How you can secure a partnership role: Find a mentor and have a list of contacts in every specialism

Forging strong relationships with clients and colleagues is central to securing an equity partnership
You don’t just wake up one morning and decide you want to become an equity partner. It may seem daunting, but you must take your professional development in your own hands. Ambition will really set you apart from your colleagues, and you may even have been spotted by your employer as potential partner material, but you’ll need to plan ahead.
It’s not just about having sound technical knowledge. To get to the top, you must win people’s trust and hone your communication skills. And your clients will expect a breadth to your experience, which means you have to grab opportunities to broaden your expertise and sharpen your skill set. So where should you start?

ASK YOURSELF WHY?

Becoming an equity partner is not simply a promotion. You cease to be an employee and have a stake in the business, and are responsible for its success. This comes with a raft of responsibilities, so ask yourself: what is motivating me to apply?
Talking to current partners is a useful way of finding out exactly what the role entails. Ask about the processes it took them there; every firm is unique and there’s not a one-size-fits-all approach to selection criteria or the process involved.
You should also consider the commercial need for a new partner as much as your own motivation. You may be billing yourself to succeed a partner who is leaving or retiring, but it could be that a new market opportunity has opened up. You need to think about how you will help the company excel in this new environment.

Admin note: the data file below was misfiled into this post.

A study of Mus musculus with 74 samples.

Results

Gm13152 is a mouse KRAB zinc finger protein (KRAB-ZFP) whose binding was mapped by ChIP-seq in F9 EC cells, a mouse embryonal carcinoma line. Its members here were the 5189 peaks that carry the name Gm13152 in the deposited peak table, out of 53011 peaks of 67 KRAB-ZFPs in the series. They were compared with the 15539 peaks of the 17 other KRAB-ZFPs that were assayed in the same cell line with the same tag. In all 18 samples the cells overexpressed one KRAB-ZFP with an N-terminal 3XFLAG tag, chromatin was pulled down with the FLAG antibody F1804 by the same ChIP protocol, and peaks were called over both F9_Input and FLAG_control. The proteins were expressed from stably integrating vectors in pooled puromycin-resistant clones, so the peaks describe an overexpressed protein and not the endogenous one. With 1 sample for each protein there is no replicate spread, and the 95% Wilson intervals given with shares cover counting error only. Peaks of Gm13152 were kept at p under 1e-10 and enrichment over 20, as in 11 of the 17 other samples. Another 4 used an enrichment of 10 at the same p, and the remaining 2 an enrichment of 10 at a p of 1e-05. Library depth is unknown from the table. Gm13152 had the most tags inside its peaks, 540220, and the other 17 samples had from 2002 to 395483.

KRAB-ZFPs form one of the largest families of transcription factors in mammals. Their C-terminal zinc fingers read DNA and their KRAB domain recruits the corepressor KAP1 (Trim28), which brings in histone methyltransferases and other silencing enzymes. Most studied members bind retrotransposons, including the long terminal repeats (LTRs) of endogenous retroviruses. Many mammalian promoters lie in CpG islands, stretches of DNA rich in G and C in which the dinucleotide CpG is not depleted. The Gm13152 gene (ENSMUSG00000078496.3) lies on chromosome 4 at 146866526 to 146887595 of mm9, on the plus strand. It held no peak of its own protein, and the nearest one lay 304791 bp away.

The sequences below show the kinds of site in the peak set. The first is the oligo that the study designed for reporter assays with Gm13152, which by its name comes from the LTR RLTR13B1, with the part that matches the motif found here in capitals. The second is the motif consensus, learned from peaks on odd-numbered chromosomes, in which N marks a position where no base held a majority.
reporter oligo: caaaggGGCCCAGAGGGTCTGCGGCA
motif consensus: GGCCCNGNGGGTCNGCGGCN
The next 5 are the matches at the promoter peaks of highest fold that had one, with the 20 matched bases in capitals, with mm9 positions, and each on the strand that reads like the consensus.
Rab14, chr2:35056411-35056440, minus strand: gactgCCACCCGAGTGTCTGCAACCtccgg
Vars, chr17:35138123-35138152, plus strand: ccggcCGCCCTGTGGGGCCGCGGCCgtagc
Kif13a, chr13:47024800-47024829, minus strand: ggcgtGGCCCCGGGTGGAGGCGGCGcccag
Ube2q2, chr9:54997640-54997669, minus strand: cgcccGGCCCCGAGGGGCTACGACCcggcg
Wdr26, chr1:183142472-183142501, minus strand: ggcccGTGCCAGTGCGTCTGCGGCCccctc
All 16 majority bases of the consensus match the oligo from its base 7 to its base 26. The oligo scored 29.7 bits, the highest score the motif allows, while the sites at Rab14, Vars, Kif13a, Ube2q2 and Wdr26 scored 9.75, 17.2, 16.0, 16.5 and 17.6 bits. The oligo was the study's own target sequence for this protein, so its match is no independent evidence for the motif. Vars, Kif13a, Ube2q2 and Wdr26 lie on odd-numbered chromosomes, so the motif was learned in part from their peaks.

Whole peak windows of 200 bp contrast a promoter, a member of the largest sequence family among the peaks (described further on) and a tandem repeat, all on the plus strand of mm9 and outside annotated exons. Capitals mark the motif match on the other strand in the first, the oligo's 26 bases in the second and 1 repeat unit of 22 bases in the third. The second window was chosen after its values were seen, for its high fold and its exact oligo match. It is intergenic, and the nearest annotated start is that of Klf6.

STRENGTHS AND VALUES

It is also important to assess how aligned your values are with those of the organisation. As an ambassador for the firm, you will need to stand by the decisions made by the partnership, even if you disagree with them.
Understanding exactly what your own strengths, skills and values are is hard enough, but you must also ensure that they shine bright enough for your colleagues to notice. Make time for those activities which maximise your value. Recognise the importance of learning to delegate, as it will stop you from getting bogged down in short-term delivery.

WINNING NEW BUSINESS

As a partner, you’ll be defined as: the finder who brings work in, the minder who coordinates activities, the binder who brings people together, and the grinder who delivers the work. You’ll be measured on your financial performance, which will include fee targets and new business brought into the firm.
Winning new business is one of the most difficult skills for aspiring partners to master. You’ll need to increase your client base and the level of service you offer to existing clients by demonstrating that you are reliable, and that you understand client expectations and how to manage them.
Learn to have sensible business conversations, and not just technical ones, to show that you can advise as well as analyse the issues facing clients. It helps to read widely and have opinions on business and commercial issues.

INTERNAL RELATIONSHIPS

You’ll need to be referred for a partnership, so find a mentor who supports your candidacy and is willing to take the time to guide you through the process.
But you’ll also need to gain the trust of all your fellow partners, if you are to be chosen over other candidates. You can achieve this by demonstrating a willingness to deepen your expertise and that of your organisation in general. Consult with acquaintances in other organisations and share that knowledge with your colleagues at work. By volunteering to host events, and developing a list of contacts in every specialism, you’ll show that you are engaged with your sector, and that you want others to be engaged as well.